In July 2016, a group of undergraduate students from across the university joined together with a common goal: to create an academic program dedicated to the study of social class and inequality. Though nothing of the sort existed in the United States, these students were determined to find a home for their vision.

In Women’s Studies, they found that home. Effective Fall 2019, our department will house Michigan’s new Social Class and Inequality Studies minor, the only program of its kind in the country.

Building on Women’s Studies’ existing curriculum, the minor will examine how class creates and sustains inequities across society. Students will begin the program in a foundational course introducing them to critical methods of thinking about class; afterwards, they’ll have the opportunity to focus their studies on topics of interest, in courses from “Survey of Labor Economics” to “Knights, Peasants, and Bandits.”

Throughout their studies, students will not only become familiar with scholarship on class, but will also learn how their knowledge can create positive change in society.

“In the ten years that I’ve been teaching class and inequality studies, so many students have expressed the difference these courses have made in their lives,” said Women’s Studies Professor Dean Hubbs, who played an integral role in launching the minor by helping students revise their proposal to the college. “The questions we focus on grow more critical every day, with increasing awareness that contemporary crises are entangled, from local to global levels, with runaway inequality.”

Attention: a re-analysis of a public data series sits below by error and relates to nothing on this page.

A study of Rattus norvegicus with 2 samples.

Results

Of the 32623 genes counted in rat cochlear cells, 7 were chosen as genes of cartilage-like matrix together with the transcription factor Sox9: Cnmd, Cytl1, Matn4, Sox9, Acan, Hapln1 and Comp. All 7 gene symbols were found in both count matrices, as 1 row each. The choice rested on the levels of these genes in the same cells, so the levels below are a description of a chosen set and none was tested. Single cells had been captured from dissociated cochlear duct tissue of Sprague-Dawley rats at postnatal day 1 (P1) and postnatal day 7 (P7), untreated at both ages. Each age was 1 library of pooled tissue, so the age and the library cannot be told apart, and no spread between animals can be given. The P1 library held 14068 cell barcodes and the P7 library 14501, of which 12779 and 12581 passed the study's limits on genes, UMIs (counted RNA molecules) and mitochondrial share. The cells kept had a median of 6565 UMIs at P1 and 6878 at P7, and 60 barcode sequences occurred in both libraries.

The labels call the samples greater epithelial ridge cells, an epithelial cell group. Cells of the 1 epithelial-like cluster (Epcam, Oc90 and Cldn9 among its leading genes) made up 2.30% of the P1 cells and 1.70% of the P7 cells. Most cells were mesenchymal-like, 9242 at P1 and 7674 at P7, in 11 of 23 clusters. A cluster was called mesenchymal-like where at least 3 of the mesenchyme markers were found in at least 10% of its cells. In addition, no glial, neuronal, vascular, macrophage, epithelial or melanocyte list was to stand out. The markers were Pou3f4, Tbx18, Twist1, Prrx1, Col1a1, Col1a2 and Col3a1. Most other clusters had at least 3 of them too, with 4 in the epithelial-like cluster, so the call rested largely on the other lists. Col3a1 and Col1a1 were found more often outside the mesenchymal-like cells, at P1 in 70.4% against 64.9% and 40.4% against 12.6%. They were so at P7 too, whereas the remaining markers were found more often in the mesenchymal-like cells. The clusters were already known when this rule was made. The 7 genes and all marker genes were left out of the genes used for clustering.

The new minor will strengthen connections between Women’s Studies and a number of other units on campus, including Economics, Organizational Studies, and Sociology. Undergraduates from across the university are eligible to declare the minor.

Moreover, the minor represents the activist spirit that has long driven Women’s Studies students to make a positive difference in their communities. As Professor Barry Checkoway, advisor to the program, summarized, “This minor shows the power that students have to create change on campus.”

Students interested in learning more about the minor can read about its requirements on LSA’s website.